Nationally, Dr. Murray left indelible marks on the clinical practice of pulmonary medicine, the process of selecting and training fellows in pulmonary disease, and on lung disease research. Moreover, he played an instrumental role in the evolution of the American Thoracic Society into the strong, internationally respected professional society it is today. The breadth of his achievements serves as a reflection of his talents for clear thinking, clear writing and clear speaking. He helped to create the field of pulmonology itself, establish its national society and guide its journal, and design its training programs and NHLBI research support.

“I have long admired Dr. Murray. He had an enormous influence on the careers of many young physicians, very much including my own,” said Talmadge E. King, Jr., dean of the UCSF School of Medicine. “I admired his keen intellect, amazing skill as a professor of medicine, and his unique ability to present (in his writings and public presentations) difficult topics in a clear and concise manner. Dr. Murray will be dearly missed by his many friends and colleagues at UCSF and throughout the world.”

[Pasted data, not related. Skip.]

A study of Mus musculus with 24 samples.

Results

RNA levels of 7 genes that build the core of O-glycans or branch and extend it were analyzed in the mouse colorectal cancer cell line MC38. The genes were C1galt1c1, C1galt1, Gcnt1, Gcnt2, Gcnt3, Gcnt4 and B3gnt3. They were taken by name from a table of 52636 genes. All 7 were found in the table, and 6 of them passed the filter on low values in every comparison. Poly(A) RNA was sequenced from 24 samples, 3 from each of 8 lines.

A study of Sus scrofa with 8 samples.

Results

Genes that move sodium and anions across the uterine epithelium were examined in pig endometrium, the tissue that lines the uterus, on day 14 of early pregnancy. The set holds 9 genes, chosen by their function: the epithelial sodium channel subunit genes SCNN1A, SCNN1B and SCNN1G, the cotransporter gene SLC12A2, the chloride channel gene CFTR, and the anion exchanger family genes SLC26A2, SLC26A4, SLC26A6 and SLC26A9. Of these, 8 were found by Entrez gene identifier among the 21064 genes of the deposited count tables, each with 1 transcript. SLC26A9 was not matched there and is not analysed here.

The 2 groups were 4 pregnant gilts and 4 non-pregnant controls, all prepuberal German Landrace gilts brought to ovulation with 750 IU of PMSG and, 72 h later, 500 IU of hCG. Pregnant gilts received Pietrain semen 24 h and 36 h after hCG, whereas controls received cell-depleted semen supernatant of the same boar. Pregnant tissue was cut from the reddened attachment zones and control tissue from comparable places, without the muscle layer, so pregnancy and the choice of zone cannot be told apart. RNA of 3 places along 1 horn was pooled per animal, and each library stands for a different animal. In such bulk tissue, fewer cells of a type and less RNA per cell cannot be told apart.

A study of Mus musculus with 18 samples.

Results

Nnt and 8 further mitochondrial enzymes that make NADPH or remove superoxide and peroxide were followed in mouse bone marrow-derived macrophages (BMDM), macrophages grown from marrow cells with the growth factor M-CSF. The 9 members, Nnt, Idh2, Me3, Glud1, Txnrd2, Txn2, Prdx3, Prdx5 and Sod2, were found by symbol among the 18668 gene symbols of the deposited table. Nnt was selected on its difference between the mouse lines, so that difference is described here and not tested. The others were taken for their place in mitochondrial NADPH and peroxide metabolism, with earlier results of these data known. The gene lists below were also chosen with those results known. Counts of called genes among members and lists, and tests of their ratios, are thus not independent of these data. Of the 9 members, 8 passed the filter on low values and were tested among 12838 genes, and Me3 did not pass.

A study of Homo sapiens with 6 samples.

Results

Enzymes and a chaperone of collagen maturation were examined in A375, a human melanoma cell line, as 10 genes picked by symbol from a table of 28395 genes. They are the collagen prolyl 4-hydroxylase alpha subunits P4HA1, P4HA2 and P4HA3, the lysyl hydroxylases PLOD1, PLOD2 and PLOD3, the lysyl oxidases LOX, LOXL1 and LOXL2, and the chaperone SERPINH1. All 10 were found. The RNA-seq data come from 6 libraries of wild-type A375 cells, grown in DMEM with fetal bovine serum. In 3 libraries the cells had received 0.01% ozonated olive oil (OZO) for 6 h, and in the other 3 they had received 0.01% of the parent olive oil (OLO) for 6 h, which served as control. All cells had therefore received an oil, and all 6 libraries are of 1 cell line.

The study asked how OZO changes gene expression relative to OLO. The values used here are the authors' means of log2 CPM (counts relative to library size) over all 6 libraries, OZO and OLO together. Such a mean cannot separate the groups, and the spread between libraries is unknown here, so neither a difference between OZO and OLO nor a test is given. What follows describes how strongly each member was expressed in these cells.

At UCSF, Dr. Murray established the ICU and created a national model for the division. In doing so, he helped lead San Francisco General Hospital to prominence in high-quality research and teaching. During his career, he made major contributions of his own in research to the fields of tuberculosis, ARDS and HIV/AIDS. He was highly regarded by trainees at all levels for his teaching of clinical respiratory physiology, generally focused on patients in the ICU.

It is difficult to overstate his influence on the School of Medicine and how much he has taught our community. Part of his legacy is the John Murray Award for Excellence in Internal Medicine (2003-current) and the John F. Murray Distinguished Professorship. On behalf of the School of Medicine, we would like to extend our condolences to his family, friends, and close colleagues.